In an attempt to whittle away at the growing pile of wine-related media samples that I can’t drink (at least not without a blender and then a trip to the emergency room), it seems high time for another round of product reviews.
Today, we have a trio of items, some of which might be worth putting under the Christmas Tree (or Winter/Religious Holiday equivalent) for
your greedy-ass self the wine lover in your life.
First up is the 2020 edition of Hugh Johnson’s Pocket Wine Book (Mitchell Beazley, 336 pages, about $16). As already detailed ad nauseam here on these virtual pages, if you don’t already own at least one edition of this small but mighty reference, it should be at the top of your list. Containing an almost impossible amount of helpful info in a tiny package, the 2020 edition is more evolution than revolution on its core of detailing wines, regions, vintages, and the general state of affairs in the wine world. The finale portion deals comprehensively with the topic of wine flavors, and what affects them (place, techniques, serving, grapes, and culture/fashion, etc.). It’s nice to see this unmatched reference still going, and even nicer to see that the kindle edition only clocks in at $7…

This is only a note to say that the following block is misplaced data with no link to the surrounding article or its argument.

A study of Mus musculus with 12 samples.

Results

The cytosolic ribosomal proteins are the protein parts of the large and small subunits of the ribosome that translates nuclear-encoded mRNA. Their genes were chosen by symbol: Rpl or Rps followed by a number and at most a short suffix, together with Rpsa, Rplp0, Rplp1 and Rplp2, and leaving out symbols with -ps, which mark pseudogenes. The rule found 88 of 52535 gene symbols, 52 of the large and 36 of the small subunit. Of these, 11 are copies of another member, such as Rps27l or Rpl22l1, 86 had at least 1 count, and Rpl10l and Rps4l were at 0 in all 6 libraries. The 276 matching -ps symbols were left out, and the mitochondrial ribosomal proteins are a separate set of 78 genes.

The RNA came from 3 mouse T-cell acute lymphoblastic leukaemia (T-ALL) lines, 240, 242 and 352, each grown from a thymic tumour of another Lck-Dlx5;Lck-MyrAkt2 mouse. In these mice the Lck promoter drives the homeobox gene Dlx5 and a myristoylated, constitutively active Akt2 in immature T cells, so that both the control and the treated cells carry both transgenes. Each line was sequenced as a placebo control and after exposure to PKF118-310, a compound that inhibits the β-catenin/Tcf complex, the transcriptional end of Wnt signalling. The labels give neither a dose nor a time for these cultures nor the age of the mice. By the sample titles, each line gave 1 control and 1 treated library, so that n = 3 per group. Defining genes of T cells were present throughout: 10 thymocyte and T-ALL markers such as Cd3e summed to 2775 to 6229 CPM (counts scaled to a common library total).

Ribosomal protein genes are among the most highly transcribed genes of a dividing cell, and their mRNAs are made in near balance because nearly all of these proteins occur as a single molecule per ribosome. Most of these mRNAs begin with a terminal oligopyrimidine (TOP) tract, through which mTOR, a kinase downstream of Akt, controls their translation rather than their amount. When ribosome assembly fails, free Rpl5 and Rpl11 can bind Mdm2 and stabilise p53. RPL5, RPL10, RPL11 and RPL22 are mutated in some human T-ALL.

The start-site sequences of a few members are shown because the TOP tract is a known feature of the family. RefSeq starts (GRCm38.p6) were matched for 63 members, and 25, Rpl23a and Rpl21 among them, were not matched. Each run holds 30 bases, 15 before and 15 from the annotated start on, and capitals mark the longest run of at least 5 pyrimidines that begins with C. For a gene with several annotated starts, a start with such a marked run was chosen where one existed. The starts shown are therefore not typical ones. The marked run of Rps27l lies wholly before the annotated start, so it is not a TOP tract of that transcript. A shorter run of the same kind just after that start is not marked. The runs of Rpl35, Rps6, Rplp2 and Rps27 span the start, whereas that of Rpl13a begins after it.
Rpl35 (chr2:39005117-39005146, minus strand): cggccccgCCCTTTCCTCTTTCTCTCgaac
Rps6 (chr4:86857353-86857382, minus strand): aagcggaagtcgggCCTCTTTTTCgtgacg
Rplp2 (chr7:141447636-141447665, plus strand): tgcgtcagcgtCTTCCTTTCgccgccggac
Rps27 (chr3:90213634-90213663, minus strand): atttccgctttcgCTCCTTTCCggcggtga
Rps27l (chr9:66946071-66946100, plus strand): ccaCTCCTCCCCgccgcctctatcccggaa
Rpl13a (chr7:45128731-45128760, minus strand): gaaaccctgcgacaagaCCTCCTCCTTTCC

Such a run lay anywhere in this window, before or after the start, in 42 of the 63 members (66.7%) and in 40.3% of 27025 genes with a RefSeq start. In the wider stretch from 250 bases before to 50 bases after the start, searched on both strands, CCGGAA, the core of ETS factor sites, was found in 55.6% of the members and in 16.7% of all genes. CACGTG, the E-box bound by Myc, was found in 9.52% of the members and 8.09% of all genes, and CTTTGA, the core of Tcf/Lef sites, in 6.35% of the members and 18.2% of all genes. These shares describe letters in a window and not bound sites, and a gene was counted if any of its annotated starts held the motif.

Next, we have a rather smart take on the near-endless decanter/aerator choices currently available to tempt away your hard-earned cash, the Eravino Wine Decanter Breather Carafe (about $60). It’s an ingenious idea: fitting a hand-blown, lead free crystal decanter with a topper that allows you to pour a full 750ml bottle into it without any spilling, while simultaneously aerating the vino as it goes down. When done drinking, if you have any wine left, you can either place the top closure over the pourer, or turn the decanter upside down and reverse the original process, putting the unfinished wine back into the original bottle.
It works well, and is dishwasher safe. The only mess comes when you try pouring the wine our of the decanter with the topper in place – it’s prone to splashing. Simply taking the topper out is the solution, though I found its fit a little too snug. Those are minor issues overall, however. Just bear in mind that when this thing aerates, it aerates – it’s an aggressive process, and so best reserved for opening up younger wines (rather than decanting more fragile, older wine to separate sediment).
Finally, there’s an item about which I have a few reservations: Italy’s Native Wine Grape Terroirs by Ian D’Agata (University of California Press, 384 pages, about $45). Now, I love me some D’Agata, but I found this book a bit confusing in terms of execution. A studious treatise, well-written, with the occassional chestnut of (very) dry humor interwoven throughout, it’s classic Ian, and a good companion to his other tome on Italy’s native grapes themselves. But… why are we talking about place and not showing pictures, maps, soil diagrams, and the like? I don’t quite get it, especially for the price. This is one probably best reserved for those studying for the Italian wine portion of a wine exam.